Ancient Microbial Gas in the Upper Cretaceous Milk River Formation, Alberta and Saskatchewan: A Large Continuous Accumulation in Fine-grained Rocks
Published:January 01, 2012
Neil S. Fishman, Jennie L. Ridgley, Debra K. Higley, Michele L. W. Tuttle, Donald L. Hall, 2012. "Ancient Microbial Gas in the Upper Cretaceous Milk River Formation, Alberta and Saskatchewan: A Large Continuous Accumulation in Fine-grained Rocks", Shale Reservoirs—Giant Resources for the 21st Century, J. A. Breyer
Mercury injection capillary pressure data from the Milk River Formation and the overlying Upper Cretaceous Pakowki Formation, which contains numerous regionally extensive bentonitic claystones, reveal a strong lithologic control on pore apertures and calculated permeabilities. Pore apertures and calculated permeabilities in Milk River mudstones range from 0.0255 to 0.169 μm and less than 0.002 to 0.414 md, respectively, and claystones from the overlying Pakowki Formation have pore apertures from 0.011 to 0.0338 μm and calculated permeabilities of 0.0017 to 0.0065 md. The small pore apertures and low permeabilities indicate that claystones and mudstones served as seals for microbial Milk River gas, thereby permitting gas to accumulate in economic quantities and be preserved for millions of years.
Based on the timing of gas generation, the gas system of the Milk River Formation can be considered an ancient microbial gas system, which is one of several ways it differs from that of the Devonian Antrim Shale, Michigan Basin, where microbial gas generation is a geologically young (Pleistocene and younger) phenomenon. The difference in timing of gas generation between the Milk River and Antrim systems implies that gases in the two formations represent end members of a spectrum of microbial gas accumulations in fine-grained rocks, with the Milk River Formation being an excellent example on which to base a paradigm for an ancient microbial gas system.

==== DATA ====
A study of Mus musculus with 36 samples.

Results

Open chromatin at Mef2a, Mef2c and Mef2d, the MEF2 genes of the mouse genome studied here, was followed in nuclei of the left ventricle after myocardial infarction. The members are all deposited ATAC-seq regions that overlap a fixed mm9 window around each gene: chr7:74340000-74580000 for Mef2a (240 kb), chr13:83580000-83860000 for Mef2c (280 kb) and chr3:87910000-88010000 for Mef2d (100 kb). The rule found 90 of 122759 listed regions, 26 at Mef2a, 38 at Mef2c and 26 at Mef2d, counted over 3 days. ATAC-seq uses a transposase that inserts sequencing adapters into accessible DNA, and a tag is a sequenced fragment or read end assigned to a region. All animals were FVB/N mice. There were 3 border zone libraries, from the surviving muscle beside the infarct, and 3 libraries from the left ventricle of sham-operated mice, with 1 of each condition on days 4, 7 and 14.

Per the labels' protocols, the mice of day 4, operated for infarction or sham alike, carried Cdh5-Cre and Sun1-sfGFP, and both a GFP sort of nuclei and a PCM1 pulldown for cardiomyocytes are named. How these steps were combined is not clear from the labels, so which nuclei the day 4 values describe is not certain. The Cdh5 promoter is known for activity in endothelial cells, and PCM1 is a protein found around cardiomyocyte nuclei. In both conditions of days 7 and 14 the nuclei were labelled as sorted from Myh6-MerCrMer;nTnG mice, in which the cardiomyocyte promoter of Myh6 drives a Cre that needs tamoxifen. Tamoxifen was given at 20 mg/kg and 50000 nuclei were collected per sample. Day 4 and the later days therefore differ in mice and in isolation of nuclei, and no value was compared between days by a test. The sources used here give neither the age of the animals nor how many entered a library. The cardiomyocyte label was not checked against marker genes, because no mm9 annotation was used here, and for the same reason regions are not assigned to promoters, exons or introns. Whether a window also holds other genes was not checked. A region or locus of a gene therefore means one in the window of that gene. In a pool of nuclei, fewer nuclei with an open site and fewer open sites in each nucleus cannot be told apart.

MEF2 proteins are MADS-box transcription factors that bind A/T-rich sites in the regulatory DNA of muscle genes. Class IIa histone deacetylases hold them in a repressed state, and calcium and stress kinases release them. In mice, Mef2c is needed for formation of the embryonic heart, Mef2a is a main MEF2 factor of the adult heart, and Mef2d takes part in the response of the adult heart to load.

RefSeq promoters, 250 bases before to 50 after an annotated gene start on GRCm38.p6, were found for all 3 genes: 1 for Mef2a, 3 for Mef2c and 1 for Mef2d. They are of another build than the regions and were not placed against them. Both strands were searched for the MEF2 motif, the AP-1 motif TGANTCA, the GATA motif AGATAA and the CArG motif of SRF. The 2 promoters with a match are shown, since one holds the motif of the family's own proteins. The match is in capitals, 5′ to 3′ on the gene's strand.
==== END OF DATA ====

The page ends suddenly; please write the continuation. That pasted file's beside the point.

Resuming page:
In the early 1970s, most exploration geologists in the United States considered subeconomic or marginally economic petroleum resources such as coalbed methane, shale gas, and tight-gas sands as unconventional resources (Law and Curtis, 2002). Tax incentives and federally funded research beginning in the late 1970s helped make these resources economically viable in the last two decades of the 20th century. Economics aside, two important geologic attributes characterize most unconventional petroleum resources (Law and Curtis, 2002). Conventional petroleum systems are buoyancy-driven accumulations found in structural or stratigraphic traps, whereas most unconventional systems exist independent of a water column and are generally not found in structural or stratigraphic traps.
Shale reservoirs are not new. The first commercial hydrocarbon production in the United States was from a well drilled in 1821 in a shale gas reservoir. By 2000, more than 28,000 wells had been drilled in shale gas reservoirs. Rising gas prices and technological advancements in horizontal drilling and hydraulic fracturing associated with the development of the Barnett Shale led to a boom in shale gas development in the early years of the 21st century. Now the exploitation of shale reservoirs is turning to natural gas liquids, condensate, and oil. Far from being isotropic and homogeneous, as once naively envisioned, shale reservoirs are complexly layered accumulations of fine-grained sediment. Geologic variation on scales ranging from that of stratal architecture to that of lamination within individual beds must be understood in order to locate and exploid areas of higher production within shale reservoirs. Shale reservoirs remain largely geologic plays - notmerely lease plays or strictly engineering plays made possible by improvements in drilling and completion technology.